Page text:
I remember when the word gay meant gay, as in happy, sunny, joie de vivre, bubbly. But language is a living entity. Words grow up. They fold into a chrysalis and emerge as something new. Gay has undergone this curious metamorphosis to mean men who prefer men.

How did this happen? Why was this word chosen? Why not silk, or green, or a made-up one; say, lars?

“That man standing in the lobby is lars.”

“They have a loving, lars relationship and want to adopt a child.”

Works for me. I would like to have “gay” back so I can use it in a sentence when I write about joy.

I wonder if the same thing could happen with the word, “joy?” Shall we change the harsh sounding “lesbian” to “joy”? That buzzy “z” sound in lesbian grates on my ears and puts my teeth on edge. It is hard and final, so unlike the women I know who share themselves in those relationships. To be fair, perhaps we should let women have joy since the men have gay and the whole world could be a happier place.

“The women down the street are joys, you know. They have two cute little long haired dachshunds and walk them past our house every morning with their little plastic poop bags dangling from their wrists. They live next door to the gay couple that throws such great parties, the ones where straights and gays and joys are all welcomed.”

I hate to lose “joy” but think it’s only fair. Besides, we can always slip a replacement out from another word bank, browse the world’s language cache for a suitable substitute; say, “froh” from German (we can toss out any of those annoying umlauts to suit our purposes) or we can even borrow from the French now that their fries are back in town. You never know. All things are possible.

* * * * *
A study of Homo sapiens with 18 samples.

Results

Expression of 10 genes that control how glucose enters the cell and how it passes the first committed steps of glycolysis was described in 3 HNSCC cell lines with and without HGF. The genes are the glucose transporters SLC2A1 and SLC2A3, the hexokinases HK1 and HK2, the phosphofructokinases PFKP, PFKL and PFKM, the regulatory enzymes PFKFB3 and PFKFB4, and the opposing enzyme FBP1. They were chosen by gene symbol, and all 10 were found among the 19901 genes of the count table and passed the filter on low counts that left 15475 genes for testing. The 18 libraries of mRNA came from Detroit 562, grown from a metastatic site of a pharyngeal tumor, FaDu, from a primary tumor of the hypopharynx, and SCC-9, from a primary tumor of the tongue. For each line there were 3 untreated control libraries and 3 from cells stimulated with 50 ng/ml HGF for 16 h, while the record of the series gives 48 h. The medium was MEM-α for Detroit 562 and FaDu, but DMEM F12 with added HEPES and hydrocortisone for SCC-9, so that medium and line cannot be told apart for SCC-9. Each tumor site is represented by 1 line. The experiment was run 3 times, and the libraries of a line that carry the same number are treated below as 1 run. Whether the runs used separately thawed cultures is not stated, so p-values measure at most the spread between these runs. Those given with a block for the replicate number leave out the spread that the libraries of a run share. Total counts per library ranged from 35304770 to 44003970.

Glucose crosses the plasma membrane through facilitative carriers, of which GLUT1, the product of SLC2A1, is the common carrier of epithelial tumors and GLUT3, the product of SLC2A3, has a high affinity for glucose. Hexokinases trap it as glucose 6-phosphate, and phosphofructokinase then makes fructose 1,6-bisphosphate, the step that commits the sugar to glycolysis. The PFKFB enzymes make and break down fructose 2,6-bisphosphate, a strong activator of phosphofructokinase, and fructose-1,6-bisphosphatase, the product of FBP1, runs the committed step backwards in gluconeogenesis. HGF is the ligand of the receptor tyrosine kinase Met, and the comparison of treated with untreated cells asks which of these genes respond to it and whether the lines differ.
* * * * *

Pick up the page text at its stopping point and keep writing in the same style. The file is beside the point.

Have a joyful, gay, froh day!

This entry was posted in bubbly, chrysalis, gay, green, joy, relationship, words. Bookmark the permalink.

2 Responses to Joy

  1. Anonymous says:

    No, no, no! I’m sorry, but they can’t have joy! Why can’t we give them “froh”? We’re not using it anyway, although…it could be confusing. “The women down the street are frohs.” “WHAT? They wear their hair in a full, bushy shape all over their heads? Huh?!” Words are funny that way, aren’t they? I do so enjoy etymology…thanks for this piece (I’ve been waiting anxiously for a new one!) The irony is that I was thinking about something very similar to this the other day. Hope your evening is…happy. That’s still safe, right? 😉Kim

  2. Sparverius says:

    Loved this post. I’ve never liked being referred to as lesbian either. Actually dislike that term very much. So I’d go with joy myself. 🙂 But if it were up to me, there’d be no labels at all. No words to separate one person, or group of people, from another.